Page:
Month: July 2014
‘Analyse This, Predict That’ – report on the major competitive forces facing financial institutions, focusing on data analytics and the way it is re-shaping the industry’s competitive environment.
Everybody's favourite economics lesson.
From my vault of old files.
This is very much a beginners edition – filled with my own personal opinion.
1. Having a “signed off design” is useless. In the rare scenario that the client has agreed that any change in the design will be a change request, congratulations you win! Your project will never finish.
2. Data quality will have an impact even when it’s “not in scope”. If when you mention data quality your project manager says “that’s not in scope”, sack them. Only if the business sponsor agrees that the solution doesn’t need to be tested, and that the integration or reporting components are allowed to fail without any explanatory error message if one potential explanation is that they have encountered unexpected data, is data quality “out of scope”. You need to answer the question “how do we detect and / or handle bad data?” and even if the answer is “we don’t” it’s still in scope.
3. Sometimes data isn’t available. If you want to scope your product at all you at least need to constrain the source systems. As soon as you do this – I.e. Limit you scope to less than all of the data in the world – there is a risk that the required data isn’t available. You should assign ownership of this risk and understand how the scenario will be funded.
4. There are only 8 types of products you are building: interfaces, one data acquisition frameworks, one “consolidated” data store, reports, cubes or equivalent, derived data logic, and data-marts, process support frameworks. The whole project team needs to know what these are (feel free to use more precise language to the point that the whole project team can still relate to it). The project manager is part of the project team.
5. If you don’t know how many of the above products you expect to build or update when you estimate your product you will fail. If you don’t know specially the names of each during each phase gate, status report, or iteration kick-off – you will fail. It is however, okay for these to change – in a controlled way. It’s likely that sometimes building an additional report doesn’t change the scope of the project. In fact, sometimes it’s a compromise you have to sell.
6. By the way, a “process support framework” is a framework that supports a process. These include meta-data management framework, data quality framework, semantic layer, business glossary, etc. If you have any of these in your solution, and don’t have equivalent business owners for the process components of each, you will fail. Don’t pretend you are using these unless you really have a plan to implement them properly. Ask your solution architect if these are part of your solution and unless they are also in your plan you need to consider taking them out and planning for re-work.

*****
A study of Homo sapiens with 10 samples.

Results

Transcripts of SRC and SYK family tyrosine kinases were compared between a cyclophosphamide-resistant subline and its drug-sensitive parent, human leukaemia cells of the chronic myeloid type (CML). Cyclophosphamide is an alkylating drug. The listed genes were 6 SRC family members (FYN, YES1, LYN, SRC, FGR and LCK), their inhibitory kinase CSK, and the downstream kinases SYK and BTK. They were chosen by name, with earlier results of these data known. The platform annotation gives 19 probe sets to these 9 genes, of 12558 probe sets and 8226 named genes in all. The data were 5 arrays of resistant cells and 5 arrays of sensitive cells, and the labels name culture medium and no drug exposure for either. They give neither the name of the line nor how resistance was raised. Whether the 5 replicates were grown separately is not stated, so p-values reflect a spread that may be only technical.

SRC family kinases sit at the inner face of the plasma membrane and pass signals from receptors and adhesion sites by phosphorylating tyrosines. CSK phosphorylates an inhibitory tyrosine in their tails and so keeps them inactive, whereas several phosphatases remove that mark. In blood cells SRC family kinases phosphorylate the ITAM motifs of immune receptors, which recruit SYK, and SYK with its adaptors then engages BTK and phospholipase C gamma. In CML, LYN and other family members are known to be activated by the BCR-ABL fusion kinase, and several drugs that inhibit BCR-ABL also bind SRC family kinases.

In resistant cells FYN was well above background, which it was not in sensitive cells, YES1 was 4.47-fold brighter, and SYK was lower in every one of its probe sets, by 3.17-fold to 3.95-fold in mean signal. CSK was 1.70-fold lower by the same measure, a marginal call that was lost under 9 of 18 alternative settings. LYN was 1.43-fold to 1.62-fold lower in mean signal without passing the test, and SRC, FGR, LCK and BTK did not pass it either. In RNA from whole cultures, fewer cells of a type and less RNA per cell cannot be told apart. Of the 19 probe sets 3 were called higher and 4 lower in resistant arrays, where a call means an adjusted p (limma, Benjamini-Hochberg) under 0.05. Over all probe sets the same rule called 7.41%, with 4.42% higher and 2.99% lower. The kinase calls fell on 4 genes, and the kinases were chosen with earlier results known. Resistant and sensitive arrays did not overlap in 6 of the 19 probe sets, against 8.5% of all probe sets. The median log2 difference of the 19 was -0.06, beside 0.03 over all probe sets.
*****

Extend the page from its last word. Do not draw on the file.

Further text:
7. You must be able to answer the question “if we had this data, where would it be?” Which means a single consolidated data model linked to source systems and derived data logic. Use this model to track the status of your integration build – field by field.
8. Don’t skip data profiling and the related q&a sessions to understand the results. 80% of the data profile reports will be a waste of time. The rest will be valuable but likely require somebody to go and talk to the call centre, check an asset sticker, or open the operational system it came from.
9. Status reporting must include the following: status of each product(started, on hold, tested, accepted, etc), status of data quality issue log, status of data profiling and q&a log, status of the data model implementation and data availability.
10. If does not matter if the stakeholders don’t want to see the above level of detail. That is the detail required to understand where resources need to be allocated. You need to make them understand why it’s important.
Bonus tip #1o. If your project manager complains that the above list is from somebody who “doesn’t understand project management” – sack them.
Marc Andreessen:The compliance and reporting requirements are extremely burdensome for a small company. It requires fleets of lawyers and accountants who come in and do years of work. It’s this idea that if you control everything down to the nth detail, nothing will go wrong. It’s this bizarre, bureaucratic, top-down mentality that if only we could make everything predictable, then everything would be magic, everything would be wonderful.
It has the opposite effect. It’s biased enormously toward companies that are big enough to hire fleets of lawyers and accountants, biased against companies that are very young and for whom there’s still a lot of variability.